Cucumbers: more than just pickles

Produce like cucumbers are a delicious addition to your menu.

Cucumbers come from the same botanical family as melons and squash. They typically come in two types: “slicing” which are larger and have a thicker skin and “pickling” which are smaller and have a thinner skin.

Cucumbers contain health benefiting polyphenols called lignans which have been studied in cruciferous vegetables like broccoli and cabbage and allium vegetables like onions and garlic. The presences of these lignans are showing a strong connection with a reduced risk of cardiovascular disease and certain cancers. Cucumbers are also a rich source of the phytonutrients, cucurbitacins. According to, research is being conducted showing that the normal pathways of cancer cell growth can be blocked by cucurbitacins. Other phytonutrients found in cucumbers provide antioxidant and anti-inflammatory benefits to the body.

Cucumbers come in a variety of textures, shapes and colors including yellow, white and orange and may be short, oval in shape or round. Seedless cucumbers are not genetically altered. They grow when the plant is not pollinated. In the absence of pollen, the cucumber produces fruit without seeds. This is a preference for some but the seeds have been shown to contain nutrients such as calcium. Thin skinned cucumbers will contain fewer seeds than thicker skinned cucumbers.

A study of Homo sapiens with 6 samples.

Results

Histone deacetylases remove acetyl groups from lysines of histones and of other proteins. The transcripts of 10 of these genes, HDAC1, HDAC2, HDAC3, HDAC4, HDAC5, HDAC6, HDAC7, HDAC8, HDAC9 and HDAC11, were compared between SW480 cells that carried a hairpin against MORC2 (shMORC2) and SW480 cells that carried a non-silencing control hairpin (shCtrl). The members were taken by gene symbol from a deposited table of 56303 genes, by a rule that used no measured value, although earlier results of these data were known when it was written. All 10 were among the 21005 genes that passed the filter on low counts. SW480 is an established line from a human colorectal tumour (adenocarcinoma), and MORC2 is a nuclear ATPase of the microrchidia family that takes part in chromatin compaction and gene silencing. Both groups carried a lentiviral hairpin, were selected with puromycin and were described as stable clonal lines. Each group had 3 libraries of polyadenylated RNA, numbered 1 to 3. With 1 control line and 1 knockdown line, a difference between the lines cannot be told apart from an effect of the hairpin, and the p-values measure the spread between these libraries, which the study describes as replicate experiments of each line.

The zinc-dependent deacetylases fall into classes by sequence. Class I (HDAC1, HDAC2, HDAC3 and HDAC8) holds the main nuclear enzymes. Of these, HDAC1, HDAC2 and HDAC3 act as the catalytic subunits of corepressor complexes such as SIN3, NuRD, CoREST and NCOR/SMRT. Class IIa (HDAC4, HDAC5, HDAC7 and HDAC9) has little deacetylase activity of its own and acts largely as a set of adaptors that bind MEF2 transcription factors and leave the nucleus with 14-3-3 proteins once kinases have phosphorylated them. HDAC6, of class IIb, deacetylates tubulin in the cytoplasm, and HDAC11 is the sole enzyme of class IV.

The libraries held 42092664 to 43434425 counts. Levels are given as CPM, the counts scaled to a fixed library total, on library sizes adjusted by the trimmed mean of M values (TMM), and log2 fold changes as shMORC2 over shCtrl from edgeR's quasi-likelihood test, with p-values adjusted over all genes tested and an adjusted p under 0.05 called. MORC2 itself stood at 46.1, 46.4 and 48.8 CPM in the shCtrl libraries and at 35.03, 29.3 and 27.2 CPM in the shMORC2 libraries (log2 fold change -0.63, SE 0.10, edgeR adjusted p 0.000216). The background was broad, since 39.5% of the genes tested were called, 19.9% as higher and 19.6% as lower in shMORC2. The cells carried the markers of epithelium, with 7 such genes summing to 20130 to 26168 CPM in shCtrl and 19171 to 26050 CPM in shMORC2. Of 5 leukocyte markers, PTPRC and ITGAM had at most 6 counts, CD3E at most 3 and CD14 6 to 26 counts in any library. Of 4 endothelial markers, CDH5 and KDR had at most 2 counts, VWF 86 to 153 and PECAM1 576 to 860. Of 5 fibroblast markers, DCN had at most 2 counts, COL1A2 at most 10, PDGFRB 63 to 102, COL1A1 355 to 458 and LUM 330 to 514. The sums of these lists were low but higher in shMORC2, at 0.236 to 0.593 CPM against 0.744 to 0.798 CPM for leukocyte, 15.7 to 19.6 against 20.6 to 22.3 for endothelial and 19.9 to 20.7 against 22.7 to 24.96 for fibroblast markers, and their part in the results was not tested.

Choose a firm product with rounded edges and store in the refrigerator as cucumbers are sensitive to the heat. Seal unused cucumber in a container to prevent it from drying out. Always wash your fruit before preparing and eating.

Cucumbers contain a plethora of nutrients that include vitamins C, B1, and K. They also contain important minerals such as potassium, magnesium and manganese. Cucumbers have some good dense nutrition to offer towards our healthy eating habits. Cucumbers are best eaten raw but can be fermented or pickled.

For more on delicious and healthy summer produce, visit the Michigan State University Extension website.